CPO to protective services: 4 per cent is the final offer in T&T

“He said there has been no improvement on the offer from the Government and the four per cent is in fact the final offer.”

Industrial Relations Officer of the Prison Officers’ Association (POA) Second Division, Wendell Mitchell said the Government’s new position on wage negotiations has been made clear through Chief Personnel Officer (CPO) Dr Daryl Dindial.

The four per cent offer which covers the negotiating period from 2014 to 2019 (0,0,2,0,0,2) had already been rejected by the first and second division associations and they were hopeful of an improvement when they sat across the table from the CPO yesterday morning.

Mitchell said this optimism followed recent utterances from Prime Minister Dr Keith Rowley about the country recording a windfall of more than $8 billion as a result of the increase in prices for oil and energy products on the global market.

“Obviously, you could imagine that would have left both associations totally dejected and disappointed by this latest development,” he said.

Mitchell said the CPO Dindial has to place his utterances in writing following which the association will meet with its membership to discuss the steps to take.

“I feel our members will feel a lot of outrage, they will feel betrayed,” he added.

Asked what his message to the country would be, “stay tuned,” he said.

On Sunday, the Trinidad and Tobago Police Service Social and Welfare Association (TTPSSWA) was praying for an improved offer but suffered the same fate as their prison service counterparts.

In a statement, the association wrote that its “counter offer proposed by the membership of 5%, 5%, 5% for the period 2014-2016 and 4%, 4%, 4% for the period 2017-2019 was rejected by the Government.”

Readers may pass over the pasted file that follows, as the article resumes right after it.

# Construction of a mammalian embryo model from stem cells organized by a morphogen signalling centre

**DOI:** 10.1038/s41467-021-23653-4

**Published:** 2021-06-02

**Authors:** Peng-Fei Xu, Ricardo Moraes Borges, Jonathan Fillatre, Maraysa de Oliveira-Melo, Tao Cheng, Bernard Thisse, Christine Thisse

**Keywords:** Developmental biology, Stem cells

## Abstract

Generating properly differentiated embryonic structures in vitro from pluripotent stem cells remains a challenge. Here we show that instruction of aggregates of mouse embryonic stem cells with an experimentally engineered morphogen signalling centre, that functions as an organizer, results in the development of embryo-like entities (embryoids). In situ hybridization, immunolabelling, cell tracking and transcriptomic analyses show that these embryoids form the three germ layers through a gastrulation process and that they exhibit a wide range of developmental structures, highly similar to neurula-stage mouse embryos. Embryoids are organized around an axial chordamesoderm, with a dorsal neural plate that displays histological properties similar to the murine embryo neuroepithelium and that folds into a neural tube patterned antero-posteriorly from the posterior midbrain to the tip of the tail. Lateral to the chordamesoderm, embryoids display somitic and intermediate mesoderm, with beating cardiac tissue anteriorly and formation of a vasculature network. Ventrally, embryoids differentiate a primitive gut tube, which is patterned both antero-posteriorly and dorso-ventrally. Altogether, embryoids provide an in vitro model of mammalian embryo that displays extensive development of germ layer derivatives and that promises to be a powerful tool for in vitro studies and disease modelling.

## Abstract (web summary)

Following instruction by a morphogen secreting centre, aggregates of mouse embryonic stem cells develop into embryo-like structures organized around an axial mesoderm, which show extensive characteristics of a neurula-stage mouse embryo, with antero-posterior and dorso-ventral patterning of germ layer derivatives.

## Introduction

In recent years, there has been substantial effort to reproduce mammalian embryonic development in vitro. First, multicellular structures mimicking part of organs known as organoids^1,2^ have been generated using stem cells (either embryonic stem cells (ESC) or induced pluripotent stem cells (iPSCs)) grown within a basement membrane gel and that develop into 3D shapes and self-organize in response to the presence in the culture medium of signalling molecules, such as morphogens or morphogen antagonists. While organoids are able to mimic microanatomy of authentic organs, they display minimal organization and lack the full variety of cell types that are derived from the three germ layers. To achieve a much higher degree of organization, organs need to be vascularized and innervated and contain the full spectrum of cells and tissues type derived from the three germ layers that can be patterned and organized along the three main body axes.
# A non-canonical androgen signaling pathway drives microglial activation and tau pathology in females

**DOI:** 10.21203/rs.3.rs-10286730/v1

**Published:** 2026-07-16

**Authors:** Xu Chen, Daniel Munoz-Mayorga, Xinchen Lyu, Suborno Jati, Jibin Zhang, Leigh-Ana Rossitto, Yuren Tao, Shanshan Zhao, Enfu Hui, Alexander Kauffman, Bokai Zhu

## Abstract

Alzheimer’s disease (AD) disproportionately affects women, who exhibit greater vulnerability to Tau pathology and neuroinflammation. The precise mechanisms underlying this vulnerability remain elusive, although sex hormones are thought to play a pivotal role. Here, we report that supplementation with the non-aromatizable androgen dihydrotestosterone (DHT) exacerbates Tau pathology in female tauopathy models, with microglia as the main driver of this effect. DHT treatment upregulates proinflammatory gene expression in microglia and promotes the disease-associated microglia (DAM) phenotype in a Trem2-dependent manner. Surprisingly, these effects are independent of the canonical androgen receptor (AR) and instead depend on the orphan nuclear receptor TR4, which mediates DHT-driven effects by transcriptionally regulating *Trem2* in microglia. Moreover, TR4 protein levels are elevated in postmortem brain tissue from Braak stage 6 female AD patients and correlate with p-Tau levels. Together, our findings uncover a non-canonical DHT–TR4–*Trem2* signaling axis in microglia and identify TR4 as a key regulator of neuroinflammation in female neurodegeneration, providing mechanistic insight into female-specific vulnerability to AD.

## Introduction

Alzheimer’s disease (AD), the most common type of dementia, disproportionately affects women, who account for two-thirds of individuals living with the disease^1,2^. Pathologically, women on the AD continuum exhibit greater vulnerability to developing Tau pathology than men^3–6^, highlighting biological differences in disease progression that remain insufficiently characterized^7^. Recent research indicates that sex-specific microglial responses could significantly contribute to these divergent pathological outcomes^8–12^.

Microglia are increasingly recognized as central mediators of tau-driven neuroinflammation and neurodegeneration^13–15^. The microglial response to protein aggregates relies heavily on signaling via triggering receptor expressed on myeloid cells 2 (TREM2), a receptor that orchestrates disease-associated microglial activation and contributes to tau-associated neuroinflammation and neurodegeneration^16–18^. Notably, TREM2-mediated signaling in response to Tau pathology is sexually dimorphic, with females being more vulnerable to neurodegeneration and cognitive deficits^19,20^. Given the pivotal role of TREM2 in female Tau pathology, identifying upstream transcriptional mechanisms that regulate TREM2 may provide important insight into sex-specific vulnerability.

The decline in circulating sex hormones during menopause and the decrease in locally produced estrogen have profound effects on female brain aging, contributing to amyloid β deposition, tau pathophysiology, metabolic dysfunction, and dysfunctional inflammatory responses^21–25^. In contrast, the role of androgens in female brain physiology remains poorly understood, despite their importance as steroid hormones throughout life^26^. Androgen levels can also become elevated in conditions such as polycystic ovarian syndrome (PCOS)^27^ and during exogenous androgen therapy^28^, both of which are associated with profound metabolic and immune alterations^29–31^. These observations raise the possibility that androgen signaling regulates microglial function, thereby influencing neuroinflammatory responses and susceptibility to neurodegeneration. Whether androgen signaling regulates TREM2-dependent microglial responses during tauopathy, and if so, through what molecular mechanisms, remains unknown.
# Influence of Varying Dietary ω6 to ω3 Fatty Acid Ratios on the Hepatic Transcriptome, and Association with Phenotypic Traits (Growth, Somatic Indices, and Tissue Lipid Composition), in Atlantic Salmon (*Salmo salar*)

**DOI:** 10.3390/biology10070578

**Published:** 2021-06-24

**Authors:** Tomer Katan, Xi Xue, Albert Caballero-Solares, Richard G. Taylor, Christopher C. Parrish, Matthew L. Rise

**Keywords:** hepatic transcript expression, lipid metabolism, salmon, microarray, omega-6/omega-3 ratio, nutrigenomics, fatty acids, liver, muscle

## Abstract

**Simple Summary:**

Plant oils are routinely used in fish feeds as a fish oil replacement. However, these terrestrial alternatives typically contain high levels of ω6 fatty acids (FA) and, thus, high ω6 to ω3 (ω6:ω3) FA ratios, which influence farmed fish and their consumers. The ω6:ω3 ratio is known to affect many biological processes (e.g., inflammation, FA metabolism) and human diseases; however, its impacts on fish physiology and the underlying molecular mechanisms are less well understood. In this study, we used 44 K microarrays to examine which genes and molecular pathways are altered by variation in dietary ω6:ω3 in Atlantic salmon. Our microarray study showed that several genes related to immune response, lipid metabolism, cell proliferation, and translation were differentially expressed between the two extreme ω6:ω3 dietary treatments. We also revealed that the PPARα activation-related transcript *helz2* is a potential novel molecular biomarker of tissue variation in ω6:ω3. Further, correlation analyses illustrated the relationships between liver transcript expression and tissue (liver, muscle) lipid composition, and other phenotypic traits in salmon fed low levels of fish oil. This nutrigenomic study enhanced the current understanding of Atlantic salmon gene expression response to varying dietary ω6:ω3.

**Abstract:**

The TTPSSWA said it was also told that the four per cent offer on the table was the final one.

As it related to the Fire Service Association (FOA), while the words final offer were not used during their meeting with the CPO yesterday afternoon, the wage increase offer stayed the same.

Association president Leo Ramkissoon claimed they were reportedly being “threatened” into taking the offer.

“If you are telling us that you would take into consideration our views, then we cannot see why you should also be making the statement that if we don’t accept you might take this matter to the court; that is a real possibility, we find that to be a strong-arming tactic, a bullying tactic and we don’t appreciate that and we made that clear to the CPO,” Ramkissoon said.

Speaking with Guardian Media yesterday, Ramkissoon described the meeting as “tense but professional,” however, they remained unhappy with the result or lack thereof.

“It was less than satisfactory the outcome of the discussions as far as the Fire Service Association is concerned,” he added.

He said they expected to see what he called movement in the right direction but the CPO did not budge.

Ramkissoon said the CPO, however, promised that he would convey their concerns to the Minister of Finance, Colm Imbert and get back to them with a response.

Guardian Media understands that all three associations representing the protective services also plan to have a joint discussion on this new stance taken by the Government.

On June 18, Prime Minister Dr Keith Rowley revealed it would cost the Government $2.5 billion in back pay alone to cover a four per cent wage increase over six years.

He also said the Government would be committed to a further $500 million, annually, just for the civil service, teaching service, defence force, protective services and daily rated workers.

The CPO initially offered a two per cent wage increase for the same period to public sector workers which was strongly rejected and led to protests in Port-of-Spain.